The open road can be a boring place, according to science. While heading down the highway, the monotony of the environment can lead to a very particular kind of fatigue — the type that precedes all manner of dangerous truck accidents. It’s called highway hypnosis, and it’s a deadly hazard that every truck driver should learn how to cope with.
Highway Hypnosis Explained
Driving is what is known as a “vigilant task.” This means that drivers need to maintain a high degree of alertness in order to operate their vehicle safely and avoid hazards while on the road. The longer you spend behind the wheel, though, the more likely you are to experience task-related cognitive fatigue. Your mind starts to wander, and this is exacerbated by the fact that out on the highway, everything can start to look and feel the same.
So you get into a sort of “autopilot” where you aren’t 100 percent aware of all the actions you’re taking behind the wheel or what’s occurring outside of your vehicle. You may find yourself driving distances of many miles before snapping to, wondering where the time went. According to research on the matter, a lack of sleep can make this phenomenon even more severe, and can contribute significantly to hypovigilance (a lack of awareness).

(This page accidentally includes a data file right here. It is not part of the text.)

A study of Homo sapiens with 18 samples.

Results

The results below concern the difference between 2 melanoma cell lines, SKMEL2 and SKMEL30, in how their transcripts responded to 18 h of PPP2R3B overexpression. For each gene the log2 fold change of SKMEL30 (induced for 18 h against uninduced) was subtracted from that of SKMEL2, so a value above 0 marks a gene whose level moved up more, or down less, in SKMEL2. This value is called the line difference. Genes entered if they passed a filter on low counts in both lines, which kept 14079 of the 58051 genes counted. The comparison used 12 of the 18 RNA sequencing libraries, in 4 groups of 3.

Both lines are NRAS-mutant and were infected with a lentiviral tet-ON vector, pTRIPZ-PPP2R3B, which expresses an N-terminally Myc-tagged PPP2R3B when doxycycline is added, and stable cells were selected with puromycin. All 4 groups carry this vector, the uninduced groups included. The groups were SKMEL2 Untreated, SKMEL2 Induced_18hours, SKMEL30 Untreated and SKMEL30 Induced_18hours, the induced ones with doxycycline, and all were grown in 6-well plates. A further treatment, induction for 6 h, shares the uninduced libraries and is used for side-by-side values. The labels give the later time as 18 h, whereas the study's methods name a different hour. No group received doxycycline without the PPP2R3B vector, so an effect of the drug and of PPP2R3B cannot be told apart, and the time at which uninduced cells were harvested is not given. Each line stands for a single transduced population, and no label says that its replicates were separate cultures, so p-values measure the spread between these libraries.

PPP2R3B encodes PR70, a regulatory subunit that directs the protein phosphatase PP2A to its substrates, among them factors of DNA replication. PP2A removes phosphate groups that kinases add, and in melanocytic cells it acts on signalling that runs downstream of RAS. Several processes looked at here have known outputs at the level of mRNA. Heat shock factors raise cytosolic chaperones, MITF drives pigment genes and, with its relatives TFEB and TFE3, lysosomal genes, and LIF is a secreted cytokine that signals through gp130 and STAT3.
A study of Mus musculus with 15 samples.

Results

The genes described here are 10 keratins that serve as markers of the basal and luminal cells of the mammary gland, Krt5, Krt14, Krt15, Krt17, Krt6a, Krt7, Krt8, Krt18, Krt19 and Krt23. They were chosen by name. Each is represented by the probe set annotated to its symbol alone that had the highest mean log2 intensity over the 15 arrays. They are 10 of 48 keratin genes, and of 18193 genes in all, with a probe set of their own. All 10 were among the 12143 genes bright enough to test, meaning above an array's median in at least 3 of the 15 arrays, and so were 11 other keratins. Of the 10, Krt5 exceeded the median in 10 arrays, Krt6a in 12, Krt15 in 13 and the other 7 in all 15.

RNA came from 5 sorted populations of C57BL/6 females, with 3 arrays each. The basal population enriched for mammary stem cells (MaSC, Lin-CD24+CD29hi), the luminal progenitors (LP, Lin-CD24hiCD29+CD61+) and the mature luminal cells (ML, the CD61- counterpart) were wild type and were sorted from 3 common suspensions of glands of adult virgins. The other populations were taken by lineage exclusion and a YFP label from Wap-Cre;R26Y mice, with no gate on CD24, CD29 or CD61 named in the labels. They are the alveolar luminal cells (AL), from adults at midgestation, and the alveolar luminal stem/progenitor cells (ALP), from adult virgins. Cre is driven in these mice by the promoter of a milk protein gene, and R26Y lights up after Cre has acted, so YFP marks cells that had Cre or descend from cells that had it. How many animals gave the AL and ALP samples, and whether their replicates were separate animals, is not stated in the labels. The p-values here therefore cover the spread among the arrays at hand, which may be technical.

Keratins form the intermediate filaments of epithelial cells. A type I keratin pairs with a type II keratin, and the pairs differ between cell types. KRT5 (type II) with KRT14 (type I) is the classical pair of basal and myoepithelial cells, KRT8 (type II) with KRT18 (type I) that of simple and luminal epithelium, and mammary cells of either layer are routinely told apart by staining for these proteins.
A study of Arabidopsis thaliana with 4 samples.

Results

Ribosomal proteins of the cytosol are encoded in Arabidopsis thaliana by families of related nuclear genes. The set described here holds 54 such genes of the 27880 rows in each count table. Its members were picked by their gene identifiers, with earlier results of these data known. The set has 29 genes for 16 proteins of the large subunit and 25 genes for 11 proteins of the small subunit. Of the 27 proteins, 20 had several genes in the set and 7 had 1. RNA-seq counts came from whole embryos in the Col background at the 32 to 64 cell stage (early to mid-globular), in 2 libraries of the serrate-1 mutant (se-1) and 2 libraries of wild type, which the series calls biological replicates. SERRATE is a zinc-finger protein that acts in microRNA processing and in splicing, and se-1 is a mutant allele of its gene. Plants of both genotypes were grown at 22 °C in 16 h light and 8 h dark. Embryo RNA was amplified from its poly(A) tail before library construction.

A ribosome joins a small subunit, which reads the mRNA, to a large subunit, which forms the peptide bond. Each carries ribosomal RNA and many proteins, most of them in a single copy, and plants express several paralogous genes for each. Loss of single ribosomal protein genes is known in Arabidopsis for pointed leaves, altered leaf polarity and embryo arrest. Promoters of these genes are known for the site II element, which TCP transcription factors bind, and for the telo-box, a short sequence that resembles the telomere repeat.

Combating Highway Hypnosis
Your driving performance takes a hit when you’re experiencing highway hypnosis. You might start drifting lanes, changing your speed erratically, and will be slower to react to changing conditions. This is a clear danger, so one of the first steps in combating highway hypnosis is being able to recognize when you’re under its sway. In general, highway hypnosis includes the following symptoms, so use them as a warning:
- Concentration Loss
- Mental Fog
- Wandering Thoughts
- Feeling Dazed or Dull
- Slowed Reactions
- Heavy Eyelids
- Frequent Blinking
Once you’ve picked up on the fact that you’re drifting into a less attentive state, you can take action to combat it. For starters, you’ll want to try pulling over and taking a breather, as you’re presenting a hazard to yourself and everyone else on the road in a diminished state. Taking a rest will break up the monotony of the road, giving you a chance to head back in feeling refreshed. If necessary, include a short nap to help combat sleepiness too.
Beyond that, though, you can further recharge your alertness by having a bit of caffeine, throwing on some music, getting some air in the vehicle, changing your driving posture, or even talking to yourself. All of these will help engage the mind, and will reduce the likelihood of you drifting off and causing an accident.